4 min read

A raining night in Paris, a stage, two actors, four roles and an expertly crafted script Venus in Fur is satisfying and stylish film that will leave you bewildered as the lines of reality and art, power and position are constantly questioned.

Venus in Fur is the latest film from seasoned director Roman Polanski starring his wife Emmanuelle Seigner playing the actress Vanda who is auditioning for the role with the same name and Mathieu Amalric as the Thomas the arrogant director who reads the role of Severin, a man seeking to be dominated by the Vanda, the woman he loves. This deliciously crafted film is already enjoying a positive reception following it’s premiere in competition for the Palme d’Or at this year’s Cannes Film Festival and five nominations at the 39th César Awards winning for Best Director – it’s a refreshing reminder of the presence and creativity of art house and foreign films that try to push the envelope of what a film can be.

Based on the Tony Award-winning Broadway play by David Ives (who co-wrote the screenplay with Polanski) which is then based on the 1870 novella by Leopold von Sacher-Masoch’s novella Venus In Furs (and yes – the term masochism was coined from his name) that even has a manuscript within it – Polanski has masterfully taken the story-within-a-story concept, that has so many layers of reality to disturb, and has delivered it in a way you could easily be seated in the Parisian theater where the film takes place, adding another element to it’s richness.

The film opens with a long sweeping shot of the wet sleek streets of Paris and in the doors of a small theater where we overhear Thomas complaining on the phone about the obscene selection of actresses who has come into audition for the role of  Vanda. Suddenly another version of a Vanda bursts through the door, disheveled and brash, gum chewing and destroyed from the rain, showcases the exact opposite of the role she wants to win. Thomas desperately wants her to leave so he can go home, but within minutes he has found himself on stage reading with her, not quite understanding how.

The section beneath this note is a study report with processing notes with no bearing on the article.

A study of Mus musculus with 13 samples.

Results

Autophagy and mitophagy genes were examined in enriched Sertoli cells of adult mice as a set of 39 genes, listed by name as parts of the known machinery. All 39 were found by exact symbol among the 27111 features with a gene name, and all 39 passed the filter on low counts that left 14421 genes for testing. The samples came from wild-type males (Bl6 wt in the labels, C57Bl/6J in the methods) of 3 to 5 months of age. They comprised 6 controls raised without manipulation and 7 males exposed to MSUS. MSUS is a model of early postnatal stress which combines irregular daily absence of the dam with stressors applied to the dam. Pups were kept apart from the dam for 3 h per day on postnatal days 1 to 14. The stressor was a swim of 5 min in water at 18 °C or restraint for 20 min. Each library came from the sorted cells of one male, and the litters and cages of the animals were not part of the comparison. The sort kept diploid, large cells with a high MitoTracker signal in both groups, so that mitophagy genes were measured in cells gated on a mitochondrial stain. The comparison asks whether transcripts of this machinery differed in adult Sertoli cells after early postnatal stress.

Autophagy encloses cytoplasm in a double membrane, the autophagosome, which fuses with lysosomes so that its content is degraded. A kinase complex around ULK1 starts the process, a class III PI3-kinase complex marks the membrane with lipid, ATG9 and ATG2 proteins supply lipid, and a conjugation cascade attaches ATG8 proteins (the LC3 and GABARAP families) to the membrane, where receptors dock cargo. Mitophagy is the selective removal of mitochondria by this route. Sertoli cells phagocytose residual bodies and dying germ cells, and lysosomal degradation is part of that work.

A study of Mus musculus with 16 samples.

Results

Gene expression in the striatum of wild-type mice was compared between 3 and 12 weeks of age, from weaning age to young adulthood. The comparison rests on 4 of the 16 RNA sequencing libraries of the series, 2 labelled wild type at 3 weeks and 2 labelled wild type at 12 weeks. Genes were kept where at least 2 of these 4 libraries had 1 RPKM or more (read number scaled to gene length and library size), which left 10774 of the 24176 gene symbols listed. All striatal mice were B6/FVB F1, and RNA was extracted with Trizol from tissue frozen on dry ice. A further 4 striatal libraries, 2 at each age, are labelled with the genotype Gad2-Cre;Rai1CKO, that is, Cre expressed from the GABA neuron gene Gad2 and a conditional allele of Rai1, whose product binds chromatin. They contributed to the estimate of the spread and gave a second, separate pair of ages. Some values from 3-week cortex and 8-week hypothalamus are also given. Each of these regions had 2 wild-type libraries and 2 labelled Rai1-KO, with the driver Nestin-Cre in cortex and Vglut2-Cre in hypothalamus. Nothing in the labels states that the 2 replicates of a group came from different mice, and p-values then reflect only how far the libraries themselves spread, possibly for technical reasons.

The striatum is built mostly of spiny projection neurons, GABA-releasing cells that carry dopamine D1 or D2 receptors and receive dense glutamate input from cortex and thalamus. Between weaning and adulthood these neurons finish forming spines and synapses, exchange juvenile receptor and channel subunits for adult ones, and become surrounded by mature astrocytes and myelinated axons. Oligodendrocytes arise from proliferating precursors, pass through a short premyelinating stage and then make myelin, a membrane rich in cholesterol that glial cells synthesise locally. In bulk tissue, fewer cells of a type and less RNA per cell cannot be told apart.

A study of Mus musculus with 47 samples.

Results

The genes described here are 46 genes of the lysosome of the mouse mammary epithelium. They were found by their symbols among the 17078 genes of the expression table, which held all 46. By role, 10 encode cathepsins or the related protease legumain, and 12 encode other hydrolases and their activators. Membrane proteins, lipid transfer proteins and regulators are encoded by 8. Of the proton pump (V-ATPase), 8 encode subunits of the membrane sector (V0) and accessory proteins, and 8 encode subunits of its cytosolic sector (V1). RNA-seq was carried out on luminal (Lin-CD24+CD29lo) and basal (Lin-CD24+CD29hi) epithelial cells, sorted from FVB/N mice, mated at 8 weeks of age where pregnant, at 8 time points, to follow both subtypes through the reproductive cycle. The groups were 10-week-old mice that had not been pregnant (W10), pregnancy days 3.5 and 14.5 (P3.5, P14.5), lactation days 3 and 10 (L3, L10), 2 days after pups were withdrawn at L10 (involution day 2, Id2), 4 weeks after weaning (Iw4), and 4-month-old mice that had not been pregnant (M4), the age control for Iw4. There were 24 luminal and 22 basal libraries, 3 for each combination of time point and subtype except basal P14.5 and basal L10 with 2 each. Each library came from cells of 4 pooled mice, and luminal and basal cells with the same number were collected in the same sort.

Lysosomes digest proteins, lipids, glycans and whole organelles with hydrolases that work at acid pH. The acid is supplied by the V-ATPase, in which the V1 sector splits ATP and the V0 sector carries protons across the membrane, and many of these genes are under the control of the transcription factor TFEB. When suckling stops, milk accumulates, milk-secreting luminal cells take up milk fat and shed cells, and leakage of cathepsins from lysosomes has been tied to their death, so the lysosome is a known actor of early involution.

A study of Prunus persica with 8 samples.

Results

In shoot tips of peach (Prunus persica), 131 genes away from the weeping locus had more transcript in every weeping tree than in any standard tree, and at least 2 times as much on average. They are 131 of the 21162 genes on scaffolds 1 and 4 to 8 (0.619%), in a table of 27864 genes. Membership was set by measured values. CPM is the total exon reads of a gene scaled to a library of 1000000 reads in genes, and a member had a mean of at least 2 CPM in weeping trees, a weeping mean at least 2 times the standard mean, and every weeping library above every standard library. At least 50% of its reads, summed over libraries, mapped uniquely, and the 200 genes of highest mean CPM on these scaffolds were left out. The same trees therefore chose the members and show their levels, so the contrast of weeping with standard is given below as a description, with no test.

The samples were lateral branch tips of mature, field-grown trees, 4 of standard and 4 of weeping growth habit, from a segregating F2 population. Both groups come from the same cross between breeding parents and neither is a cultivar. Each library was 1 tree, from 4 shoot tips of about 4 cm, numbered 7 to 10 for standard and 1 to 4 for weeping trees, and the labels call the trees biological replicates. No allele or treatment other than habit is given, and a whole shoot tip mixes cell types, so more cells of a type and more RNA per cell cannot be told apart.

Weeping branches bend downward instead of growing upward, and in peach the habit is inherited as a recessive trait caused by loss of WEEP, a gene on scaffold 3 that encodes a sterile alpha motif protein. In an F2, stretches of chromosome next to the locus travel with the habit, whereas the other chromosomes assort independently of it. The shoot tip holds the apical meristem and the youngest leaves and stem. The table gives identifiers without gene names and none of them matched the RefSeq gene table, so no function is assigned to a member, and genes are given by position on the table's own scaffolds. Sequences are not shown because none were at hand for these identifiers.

Venus in Fur Still

Frustrated and impatient – he thinks this disaster of an actress is wasting his time, but as soon as she wipes away the running mascara and speaks the lines as if they are her own, she is transformed into a Goddess. We are left (with Thomas) completely breathless – surprised on how much we underestimated her.

As they read the script, we witness their positions switch. In the play,Vanda has the power. In reality, Thomas does. Arrogance takes over and when they break he sends messages reminding her that he’s the director by telling her where to stand, constantly correcting her, sighing that she doesn’t understand. Then little by little she challenges him back- controlling the lighting, telling him to change his clothes, and slowly revealing she perhaps knows the script better than he does. Soon we don’t know which Vanda she really is, and if a creature like herself can exist.As the film dances between the reality of the audition to the intricacies of the play – sometimes you get caught wondering what is real and what’s pretend. Polanski has added charming details to help us get caught up in the imaginary, like the added sound effects to Thomas ‘acting’ as Severin when he mimes pouring the coffee, the sound of liquid pouring accompanies it and the same for the clackety-clack of the cup and saucer being walked over to Vanda. The way they carefully touch a ratty scarf as it’s luxurious fur, you start seeing decadence and less of a bare stage and start believing it.

The moments when the scene has broken and they go back to being director and actress are a relief from the sexual and perverse tensions of the play. However charming and witty these moments are – they arrive less seldom as the movie progresses and we can no longer define what’s really happening, who’s has the dominance of who. It all builds up to a beautiful and scary dream. The questioning how this film was going to end and what does Vanda want with Thomas is constant. It’s never really answered either. In a film with constant shifts is power, as I left the cinema I was left wondering if it was me who was really being played?

Polanski is elegant and subtle as director – he knows when to charm, when to make you laugh, when to create tension, when to let it go and when to leave you startled and confused with his tightly wound script that is anything but boring. I did find the questioning of what’s going on a little distracting, and I found my self getting impatient with  Vanda’s motives and feeling pity for Thomas at the same time. I craved for them to stop the audition and for us all to relax, for me to also escape this raining night in Paris and curl up at home. I attribute this to the almost seamless acting by Seigner and Amalric as they transition back and forth from their characters, changing without a beat.

If you are after a film which is clever and verbally magical, lush in it’s presentation and crisp in all dimensions of it’s performance, Venus in Fur delivers. I recommend to find a dark art house cinema on a rainy afternoon to see it.